Painful urination (dysuria) is when you feel pain, discomfort, or burning when you urinate. The discomfort may be felt where urine passes out of the body. It may also be felt inside the body. This could include pain in the bladder, prostate, or behind the pubic bone. Sometimes it can be a sign of an infection or other health problem.
Path to improved health
There are several conditions that can cause painful urination. The most common is a urinary tract infection (UTI). The urinary tract consists of the kidneys, bladder, and urethra. The urethra is the tube that carries urine out of the body. Bacteria can build in the tract when waste isn’t removed or the bladder isn’t emptied correctly. This causes an infection. Swelling and irritation from the infection can make urination uncomfortable.
Sometimes painful urination can occur even if you don’t have a UTI. Other causes include:
- Medicines. Certain medicines, like some used in cancer chemotherapy, may inflame the bladder.
- Something pressing against the bladder. This could be an ovarian cyst or a kidney stone stuck near the entrance to the bladder.
- Vaginal infection or irritation.
- Sensitivity to chemicals in products. Douches, vaginal lubricants, soaps, scented toilet paper, or contraceptive foams or sponges may contain chemicals that cause irritation.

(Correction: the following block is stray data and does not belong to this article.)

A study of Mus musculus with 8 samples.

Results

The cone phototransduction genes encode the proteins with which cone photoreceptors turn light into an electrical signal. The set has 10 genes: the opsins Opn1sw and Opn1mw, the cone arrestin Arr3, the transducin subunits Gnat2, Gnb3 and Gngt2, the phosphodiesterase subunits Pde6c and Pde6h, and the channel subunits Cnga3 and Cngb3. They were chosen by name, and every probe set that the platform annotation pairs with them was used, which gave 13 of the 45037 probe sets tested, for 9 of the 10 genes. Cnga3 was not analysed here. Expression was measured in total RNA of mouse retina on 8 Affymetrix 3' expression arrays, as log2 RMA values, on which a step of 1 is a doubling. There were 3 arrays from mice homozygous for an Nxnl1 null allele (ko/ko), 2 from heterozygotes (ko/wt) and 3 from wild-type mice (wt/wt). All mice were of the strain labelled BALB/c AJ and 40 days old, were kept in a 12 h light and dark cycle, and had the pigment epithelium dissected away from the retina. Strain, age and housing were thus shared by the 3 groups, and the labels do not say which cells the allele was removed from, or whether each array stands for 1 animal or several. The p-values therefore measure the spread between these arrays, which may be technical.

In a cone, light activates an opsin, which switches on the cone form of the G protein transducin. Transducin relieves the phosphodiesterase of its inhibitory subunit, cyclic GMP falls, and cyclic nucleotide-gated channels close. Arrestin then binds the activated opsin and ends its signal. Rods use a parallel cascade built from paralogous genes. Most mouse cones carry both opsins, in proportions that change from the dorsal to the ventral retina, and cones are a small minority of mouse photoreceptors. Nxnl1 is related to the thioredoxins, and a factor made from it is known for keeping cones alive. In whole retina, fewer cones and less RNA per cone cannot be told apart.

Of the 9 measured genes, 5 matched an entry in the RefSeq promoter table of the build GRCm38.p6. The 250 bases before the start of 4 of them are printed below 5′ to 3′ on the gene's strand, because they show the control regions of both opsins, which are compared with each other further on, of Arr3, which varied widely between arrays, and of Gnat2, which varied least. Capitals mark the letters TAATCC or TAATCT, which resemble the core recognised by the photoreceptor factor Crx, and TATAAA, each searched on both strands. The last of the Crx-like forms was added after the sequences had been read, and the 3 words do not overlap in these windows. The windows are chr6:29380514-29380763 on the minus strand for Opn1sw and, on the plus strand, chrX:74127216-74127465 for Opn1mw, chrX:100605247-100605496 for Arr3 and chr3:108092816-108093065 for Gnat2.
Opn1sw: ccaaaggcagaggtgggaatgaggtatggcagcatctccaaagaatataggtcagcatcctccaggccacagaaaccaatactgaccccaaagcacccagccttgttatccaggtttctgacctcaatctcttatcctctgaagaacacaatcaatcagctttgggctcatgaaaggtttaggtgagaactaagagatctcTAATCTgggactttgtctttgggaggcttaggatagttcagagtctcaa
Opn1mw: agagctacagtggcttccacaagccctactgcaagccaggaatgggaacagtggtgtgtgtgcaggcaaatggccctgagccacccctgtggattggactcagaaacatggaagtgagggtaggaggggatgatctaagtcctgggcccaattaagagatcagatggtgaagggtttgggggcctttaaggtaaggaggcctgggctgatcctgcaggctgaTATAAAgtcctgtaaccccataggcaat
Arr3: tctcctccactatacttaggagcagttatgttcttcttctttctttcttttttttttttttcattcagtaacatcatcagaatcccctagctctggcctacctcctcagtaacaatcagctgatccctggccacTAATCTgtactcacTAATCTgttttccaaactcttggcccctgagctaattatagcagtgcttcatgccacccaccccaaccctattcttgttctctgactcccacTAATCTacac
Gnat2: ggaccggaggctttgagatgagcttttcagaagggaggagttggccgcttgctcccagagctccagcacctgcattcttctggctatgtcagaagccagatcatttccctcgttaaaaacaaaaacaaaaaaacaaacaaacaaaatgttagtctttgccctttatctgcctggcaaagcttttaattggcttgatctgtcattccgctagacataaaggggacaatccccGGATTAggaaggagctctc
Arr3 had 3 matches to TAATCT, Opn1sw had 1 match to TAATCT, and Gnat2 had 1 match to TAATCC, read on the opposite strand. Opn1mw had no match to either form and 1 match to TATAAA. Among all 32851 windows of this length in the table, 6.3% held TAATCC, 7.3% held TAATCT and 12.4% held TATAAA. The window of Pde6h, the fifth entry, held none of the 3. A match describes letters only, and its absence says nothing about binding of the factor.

- Sexually transmitted infections. Gonorrhea, chlamydia, or herpes can cause urination to be painful for some people.
- Prostate infection.
Things to consider
Sometimes painful urination comes and goes on its own. Other times it is the sign of a problem. If you have any of the following symptoms along with painful urination, call your doctor:
- Drainage or discharge from your penis or vagina.
- Blood in the urine.
- Cloudy or foul-smelling urine.
- Pain that lasts more than 1 day.
- Pain in your back or side (flank pain).
Also call your doctor if you are pregnant and are experiencing painful urination.
Painful urination can be a symptom of a more serious problem. Be sure to tell your doctor:
- About your symptoms and how long you’ve had them.
- About any medical conditions you have, such as diabetes mellitus or AIDS. These conditions could affect your body’s response to infection.
- About any known abnormality in your urinary tract.
- If you are or might be pregnant.
- If you’ve had any procedures or surgeries on your urinary tract.
- If you were recently hospitalized (less than 1 month ago) or stayed in a nursing home.
If your doctor thinks you have a UTI, he or she will do a urinalysis. This tests your urine to look for infection. He or she may also order an ultrasound of your kidneys or bladder. This can help find sources of pain, including kidney stones.
Your doctor might think your pain is from vaginal inflammation. If so, he or she may wipe the lining of your vagina with a swab to collect mucus. The mucus will be looked at under a microscope. This will test for yeast or other organisms. Your doctor might think your pain is from an infection in your urethra. He or she may swab it to test for bacteria. If an infection can’t be found, they may suggest other tests.
Questions to ask your doctor
- What is causing my discomfort?
- Is it a UTI or other infection?
- What is the treatment?
- Are there any side effects to the treatment?
- How soon will my symptoms get better?
Copyright © American Academy of Family Physicians
This information provides a general overview and may not apply to everyone. Talk to your family doctor to find out if this information applies to you and to get more information on this subject.